Catholic Educator, Eunice van Diel, Rest in Peace
Obituary by Maria van Driel – An eventful life will be celebrated at the funeral of Catholic educator Eunice van Diel on June 12 in Cape Town.
“God has given us many talents to praise him and serve our communities.” This was the guiding principle of Eunice van Driel (née Chinnian), who passed away peacefully on May 27 at St Luke’s Hospice in Harfield Village, Cape Town. She was 82.
Eunice was an unsung hero of the community, an example to the younger generation. Women like her make our parishes grow and thrive on a daily basis.
Born on February 19, 1939, to a Tamil-speaking family in District Six, Eunice was active from her youth in the Legion of Mary at St Mary’s cathedral. Her mother, Esther Chinnian, was a founding member of the Legion and received a papal medal in recognition of this in 1986.
After forced removals from District Six in 1970, Eunice and her husband James actively participated in the Holy Family parish in Manenberg.
When her daughter Nicole was detained in 1980, her husband was dismissed from his job at Atwell’s Bakery. Rev Abel Hendricks of the Methodist Church provided an opportunity for Eunice to support her family by offering her a job at the church’s crèche in Surrey Estate. Although Eunice was a bit nervous at first, she quickly grew comfortable in the job after rearing seven children of her own.
She excelled at teaching children and discovered her many talents in education and art, painting, drawing and especially recycling waste to make educational materials to develop children’s cognitive skills.
This was an extremely rare and insightful skill given the dire needs of children in townships. She made shoe and egg boxes come alive, encouraging children to develop their numeracy and literacy skills. Different coloured sweet wrappers, used matches, leaves, twigs and so on were used in activities to stimulate children’s imaginations. Many guests at the family home can attest to these innovations.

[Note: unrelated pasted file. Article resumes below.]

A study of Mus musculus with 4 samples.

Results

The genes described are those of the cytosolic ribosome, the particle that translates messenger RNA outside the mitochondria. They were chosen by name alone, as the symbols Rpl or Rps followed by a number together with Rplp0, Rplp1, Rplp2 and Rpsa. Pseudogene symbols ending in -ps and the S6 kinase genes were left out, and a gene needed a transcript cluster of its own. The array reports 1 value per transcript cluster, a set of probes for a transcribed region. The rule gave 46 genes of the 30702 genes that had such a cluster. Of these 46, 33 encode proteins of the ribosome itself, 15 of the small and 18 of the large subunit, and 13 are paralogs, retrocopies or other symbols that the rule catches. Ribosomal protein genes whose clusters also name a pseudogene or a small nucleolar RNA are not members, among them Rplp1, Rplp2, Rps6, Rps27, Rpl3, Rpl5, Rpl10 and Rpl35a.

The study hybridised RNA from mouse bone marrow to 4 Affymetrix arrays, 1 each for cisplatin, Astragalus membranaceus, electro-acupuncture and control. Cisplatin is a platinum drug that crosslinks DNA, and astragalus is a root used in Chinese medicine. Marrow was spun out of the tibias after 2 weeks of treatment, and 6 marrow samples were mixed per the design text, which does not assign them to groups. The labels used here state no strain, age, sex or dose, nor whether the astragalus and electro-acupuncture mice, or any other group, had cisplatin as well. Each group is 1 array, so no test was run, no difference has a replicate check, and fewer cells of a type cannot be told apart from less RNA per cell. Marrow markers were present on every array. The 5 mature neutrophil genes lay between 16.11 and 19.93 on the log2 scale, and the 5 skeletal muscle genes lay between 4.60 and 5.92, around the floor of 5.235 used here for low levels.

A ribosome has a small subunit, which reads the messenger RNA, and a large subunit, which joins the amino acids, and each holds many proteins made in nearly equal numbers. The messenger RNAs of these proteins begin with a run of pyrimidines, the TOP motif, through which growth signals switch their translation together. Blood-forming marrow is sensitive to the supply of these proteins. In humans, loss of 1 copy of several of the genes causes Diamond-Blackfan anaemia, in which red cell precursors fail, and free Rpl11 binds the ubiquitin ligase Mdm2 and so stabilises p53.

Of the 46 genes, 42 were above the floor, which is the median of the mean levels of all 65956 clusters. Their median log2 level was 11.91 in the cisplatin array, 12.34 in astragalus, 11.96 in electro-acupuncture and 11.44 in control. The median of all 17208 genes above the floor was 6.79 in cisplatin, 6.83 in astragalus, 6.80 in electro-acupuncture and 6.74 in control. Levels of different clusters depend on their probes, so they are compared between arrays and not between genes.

Thus began a career in early childhood development which was based on her experiences, reading widely, and listening and engaging with children themselves about their needs. Her experience included teaching at schools in Lenasia in Johannesburg, which she enjoyed.
Perhaps her most fulfilling years were at St Mary’s Catholic school in Nyanga East, in Cape Town, where she worked for 17 years before she retired. She often talked about the poverty the children experienced, unable to even buy chicken feet. Although conditions in the community were often difficult, Eunice believed she was making a difference.
Some of the artwork the children produced, guided by Eunice, was exhibited at places such as Cavendish Square — where one year, Eunice made a Nativity scene from recycled newspapers which won first prize.
Another year, the school won an art competition for their cow made from milk cartons, which Eunice created, and the whole school was treated to free milk.
One day a parent, grateful for her child’s progress, brought Eunice a gift of half a dozen eggs. Touched by the woman’s appreciation, Eunice graciously accepted the gift.
Eunice was committed to her faith and was a devoted member of her parish. Together with her peers she regularly participated in the church’s upkeep, from cleaning it to raising funds to build a hall. For many years she was a devoted catechist, teaching and preparing young people for their First Holy Communion and Confirmation.
Up until her death, she continued to support Holy Family parish, especially the St Vincent de Paul. Over almost five decades, Eunice and her husband James developed a special relationship with the Little Sisters of Jesus which she maintained up to her death.
Eunice was kind, loving and generous, sharing whatever she had with others. Her home was always open, warm and inviting to anti-apartheid activists, neighbours, strangers, friends, family, priests and nuns.
She will be buried at Holy Family Church on June 12, with strict Covid 19 protocols. May her soul rest in eternal peace. In lieu of flowers, please donate to St Luke’s Hospice.